A meme page incredulously asks if the Travis Scott x McDonald’s collab is real. True, the idea of McDonald’s selling a Travis Scott-branded McNugget body pillow seems absurd. But ultimately it’s not so much a glitch in the algorithm as a glitch in the simulation. There are so many scams and deepfakes floating in the feed. When you make a risque joke about period panties, Thinx replies. One subtweet and you’ve elicited the attention of a bored social media manager. They’re desperate to loop you into a post-relevant conversation about a forgotten brand from 2015.
These little micro-viral moments remind you that no one is in The Loop any more. There are simply too many loops going on at once. You get this feeling most intensely when you’re somewhere like Dimes Square in New York or Soma in San Francisco –hot little brand crucibles. “You don’t listen to X podcast?” “You don’t get ads from this brand?” The people that populate these little scenes are incredulous because you, a visitor, have, if only for a moment, popped their little reality distortion field.
On a road trip to see Cher in Vegas some years ago, I started complaining about Allbirds. I had been working at an ad agency in Playa Vista and the sustainable and washable wool sneakers were all but ubiquitous. Strategists loved them, because strategists love these succinct little brand stories. Sustainable wool farming in New Zealand. My friends, both fashion industry veterans, were unnerved by the ungainly orthopaedic forms. They were even more unnerved by the immediate introduction of Allbirds ads into their carefully curated feeds. Our little educational conversation had created a chink in their armour and exposed them to the unfathomable desires of others.
Back in Los Angeles, I pitch an idea for a new research study: Red, Weird, and Blue. In my mind, this is a rough schematic of America. It’s not one culture, but two duelling megaplexes. CNN and the New York Times tag-team Fox News and Breitbart. They’re locked in an existential battle to create a 21st-century monoculture. Meanwhile, a variety of subcultures percolate in between. This is what Joe Biden means when he says the election is about “changing the channel”. He’s asking America to cancel its cable subscription to Fox News.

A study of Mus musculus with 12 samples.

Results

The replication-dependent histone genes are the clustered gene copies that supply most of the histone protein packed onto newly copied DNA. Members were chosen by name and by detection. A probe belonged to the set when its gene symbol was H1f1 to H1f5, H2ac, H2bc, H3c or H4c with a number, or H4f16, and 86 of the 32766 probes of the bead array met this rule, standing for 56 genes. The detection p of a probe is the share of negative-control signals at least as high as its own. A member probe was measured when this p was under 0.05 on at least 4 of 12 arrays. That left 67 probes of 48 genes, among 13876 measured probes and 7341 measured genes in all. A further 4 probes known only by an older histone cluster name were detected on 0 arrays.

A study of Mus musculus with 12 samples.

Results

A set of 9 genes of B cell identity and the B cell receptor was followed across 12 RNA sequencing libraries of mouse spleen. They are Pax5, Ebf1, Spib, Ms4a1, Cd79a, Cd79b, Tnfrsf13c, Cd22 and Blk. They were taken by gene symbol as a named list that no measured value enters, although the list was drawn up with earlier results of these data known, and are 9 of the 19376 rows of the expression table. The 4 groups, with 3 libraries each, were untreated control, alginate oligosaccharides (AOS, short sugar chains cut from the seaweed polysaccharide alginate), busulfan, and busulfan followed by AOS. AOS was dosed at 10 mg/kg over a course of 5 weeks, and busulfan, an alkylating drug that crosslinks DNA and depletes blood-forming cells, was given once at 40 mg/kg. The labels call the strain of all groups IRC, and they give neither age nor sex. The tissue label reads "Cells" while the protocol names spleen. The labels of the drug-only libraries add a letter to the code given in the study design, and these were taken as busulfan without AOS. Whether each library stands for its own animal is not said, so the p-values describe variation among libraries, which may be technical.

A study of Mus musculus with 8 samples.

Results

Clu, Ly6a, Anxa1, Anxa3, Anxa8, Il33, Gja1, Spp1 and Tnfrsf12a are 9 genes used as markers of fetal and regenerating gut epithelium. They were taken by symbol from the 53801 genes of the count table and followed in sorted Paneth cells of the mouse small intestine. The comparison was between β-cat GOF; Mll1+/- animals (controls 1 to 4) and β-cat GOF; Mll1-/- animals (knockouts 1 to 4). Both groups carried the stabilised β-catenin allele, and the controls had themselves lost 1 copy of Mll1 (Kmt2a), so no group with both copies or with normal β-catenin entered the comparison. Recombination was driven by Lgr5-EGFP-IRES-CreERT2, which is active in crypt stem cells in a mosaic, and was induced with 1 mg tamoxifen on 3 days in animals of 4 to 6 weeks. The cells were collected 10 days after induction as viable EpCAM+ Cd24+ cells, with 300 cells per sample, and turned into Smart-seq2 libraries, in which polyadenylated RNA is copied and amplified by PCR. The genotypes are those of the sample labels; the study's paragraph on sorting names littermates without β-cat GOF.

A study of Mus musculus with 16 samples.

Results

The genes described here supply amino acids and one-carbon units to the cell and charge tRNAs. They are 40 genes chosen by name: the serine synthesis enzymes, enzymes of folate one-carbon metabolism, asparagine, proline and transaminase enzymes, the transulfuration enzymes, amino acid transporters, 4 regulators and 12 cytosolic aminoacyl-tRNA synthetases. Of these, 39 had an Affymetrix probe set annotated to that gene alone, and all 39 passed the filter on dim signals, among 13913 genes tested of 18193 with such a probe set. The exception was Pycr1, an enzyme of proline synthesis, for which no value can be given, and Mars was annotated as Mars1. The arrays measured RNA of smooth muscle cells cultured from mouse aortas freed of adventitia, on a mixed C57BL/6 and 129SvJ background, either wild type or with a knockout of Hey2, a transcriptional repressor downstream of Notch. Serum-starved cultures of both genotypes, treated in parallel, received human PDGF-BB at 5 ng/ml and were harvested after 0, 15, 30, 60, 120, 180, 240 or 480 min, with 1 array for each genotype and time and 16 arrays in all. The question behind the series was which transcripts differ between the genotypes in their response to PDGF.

Politics is probably where the effects of our democratised reality distortion fields can be most immediately identified. The popular idea that social media is to blame for all the craziness is somewhat true. It has broken down the barrier between our inner lives and outer selves, theoretically making us porous to nefarious influences. QAnon, Russiagate, and all manner of other conspiracy theories posit there is some evil nexus – someone, somewhere pulling the puppet strings – which exactly is, of course, what the conspiracy theorists most like to debate. Are things being controlled by the Kremlin? An anonymous conference room filled with Bilderberg attendees? That kitsch Egyptianate temple in the Virgin Islands?
The answers are probably a bit more banal than flat Earthers would like. It’s the Facebook campus in Menlo Park. Everyone is a bot on someone else’s timeline, a fly in someone else’s ointment. Our celebrity politicians are merely participating in the greatest reality show on Earth. The famed descent down the golden escalator was a publicity stunt for an NBC show, The Apprentice. He was following in the footsteps of Ronald Reagan, Arnold Schwarzenegger, La Cicciolina, Beppe Grillo, Volodymyr Zelenskiy and Meghan Markle. A storied history that dates back to JFK trouncing Nixon in the 1960 presidential debates. Nixon refused to wear stage makeup and suffered dearly for it.
They say that in ancient Rome, prostitutes and actors were not allowed to vote and hold public office. Today, everyone knows that those who can’t entertain, can’t campaign. The media eyes Yeezy’s Larp presidential bid warily. “Vision 2020” walks the line between fake it ’til you make it and, well, just faking it. Social media made all the world a stage, making the conversion of everyday life into a reality TV complete. Thus, we’re all a bit fake right now. Playing our bit parts in the grand drama of life, dreaming of being upgraded to an understudy, and maybe, if we play our cards right, scoring a leading role.